For more than an hour, Russian President Vladimir Putin stood alone in the late-summer sun, patiently awaiting the arrival of his guests. He struck a solitary figure, looking proud and purposeful, perhaps a little aloof, definitely not someone to be messed with.
He was receiving world leaders here in his hometown of St Petersburg, and welcoming them to his presidential residence, the Konstantinovsky Palace.
The palace was built early in the 18th century and intended as a summer home for Russian czar Peter the Great. It was Mr Putin who ordered it refurbished in 2001 for presidential use. In 2006, he hosted G-8 leaders here. Last Thursday, he welcomed leaders from the G-20 countries, as well as six specially selected non-G-20 guests, including Prime Minister Lee Hsien Loong, for a two-day summit.
The ornate Marble Hall, where the leaders held their meetings, has been painstakingly restored, reflecting a deep sense of Russian pride. Indeed, the nation's rich heritage is evident throughout this city, which served as Russia's czarist capital for 186 years, from 1732 to 1918, until Lenin's Bolsheviks launched their revolution here in 1917 and moved the capital to Moscow.
The city of five million is often dubbed the "Venice of the north" not only for its rivers and canals, but also because of its many grand buildings. These include the imposing Hermitage, Russia's answer to the Louvre museum in Paris, and the famed Kirov Ballet's home at the Mariinsky Theatre, which opened a new wing in May.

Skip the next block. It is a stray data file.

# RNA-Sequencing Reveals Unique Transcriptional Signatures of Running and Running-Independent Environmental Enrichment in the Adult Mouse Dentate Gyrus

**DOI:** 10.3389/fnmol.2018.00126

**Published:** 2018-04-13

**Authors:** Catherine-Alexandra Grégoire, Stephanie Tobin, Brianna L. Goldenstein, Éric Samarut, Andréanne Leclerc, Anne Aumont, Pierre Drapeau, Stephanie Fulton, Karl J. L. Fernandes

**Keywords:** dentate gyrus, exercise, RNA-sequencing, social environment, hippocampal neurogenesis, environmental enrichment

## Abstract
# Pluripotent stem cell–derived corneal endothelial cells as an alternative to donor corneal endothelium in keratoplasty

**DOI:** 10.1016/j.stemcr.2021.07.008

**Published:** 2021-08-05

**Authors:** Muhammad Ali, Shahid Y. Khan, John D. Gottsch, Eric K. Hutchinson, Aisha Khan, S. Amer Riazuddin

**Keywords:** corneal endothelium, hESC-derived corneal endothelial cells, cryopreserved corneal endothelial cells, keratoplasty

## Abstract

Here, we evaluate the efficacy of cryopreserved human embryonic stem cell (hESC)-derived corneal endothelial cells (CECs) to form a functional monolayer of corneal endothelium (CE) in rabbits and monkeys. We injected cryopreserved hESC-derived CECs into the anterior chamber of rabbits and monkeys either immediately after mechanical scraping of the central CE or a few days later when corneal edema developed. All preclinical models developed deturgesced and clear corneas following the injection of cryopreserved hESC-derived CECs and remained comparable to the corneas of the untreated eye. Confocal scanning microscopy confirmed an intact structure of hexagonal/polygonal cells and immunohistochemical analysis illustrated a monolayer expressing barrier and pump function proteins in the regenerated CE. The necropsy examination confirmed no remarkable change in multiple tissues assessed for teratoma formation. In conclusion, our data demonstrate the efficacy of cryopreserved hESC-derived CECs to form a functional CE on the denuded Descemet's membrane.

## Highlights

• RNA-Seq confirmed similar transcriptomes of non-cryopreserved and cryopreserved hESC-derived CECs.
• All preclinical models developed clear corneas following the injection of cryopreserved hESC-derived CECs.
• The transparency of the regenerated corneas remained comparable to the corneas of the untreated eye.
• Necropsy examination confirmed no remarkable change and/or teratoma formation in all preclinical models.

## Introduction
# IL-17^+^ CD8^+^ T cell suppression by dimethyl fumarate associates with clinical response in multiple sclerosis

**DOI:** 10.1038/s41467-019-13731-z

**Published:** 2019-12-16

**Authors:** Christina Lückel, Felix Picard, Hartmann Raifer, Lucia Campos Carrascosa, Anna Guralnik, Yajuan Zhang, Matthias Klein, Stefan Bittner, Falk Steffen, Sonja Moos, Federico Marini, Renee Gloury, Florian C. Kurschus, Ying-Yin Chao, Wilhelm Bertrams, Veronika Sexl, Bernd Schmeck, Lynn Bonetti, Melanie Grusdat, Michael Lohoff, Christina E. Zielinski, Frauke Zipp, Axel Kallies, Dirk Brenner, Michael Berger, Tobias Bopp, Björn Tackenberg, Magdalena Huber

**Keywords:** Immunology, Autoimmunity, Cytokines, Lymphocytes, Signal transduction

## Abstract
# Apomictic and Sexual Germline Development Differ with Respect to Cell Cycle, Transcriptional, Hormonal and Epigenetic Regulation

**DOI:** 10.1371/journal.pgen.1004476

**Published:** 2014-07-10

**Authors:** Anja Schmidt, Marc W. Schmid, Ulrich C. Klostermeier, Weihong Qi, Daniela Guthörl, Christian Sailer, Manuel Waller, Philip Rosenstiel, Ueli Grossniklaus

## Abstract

At the golden-domed St Isaac's Cathedral and the Church of the Saviour on Spilled Blood - so called because it was built on the site where czar Alexander II was assassinated - I found impressive mosaics and paintings of Christian figures, dating back centuries, which have been well preserved.
"Restoring history is an investment in the future," said a notice on the ongoing restoration efforts. In a way, Mr Putin is an embodiment of this Russian pride, imbued as he seems to be with an abiding sense of his country's historical place in the world. Like him, many of the Russians I met over the past week, while adopting the trappings of the modern world with their mobile phones and stylish fashion, seem also to set themselves apart from it. Few speak any English, for example, and see little need to.
I pondered this over the past week as I watched Mr Putin set himself against what he sees as the United States' rush to judgment in concluding that the Syrian government of President Bashar al-Assad used chemical weapons to kill over 1,400 of his own people, including many women and children.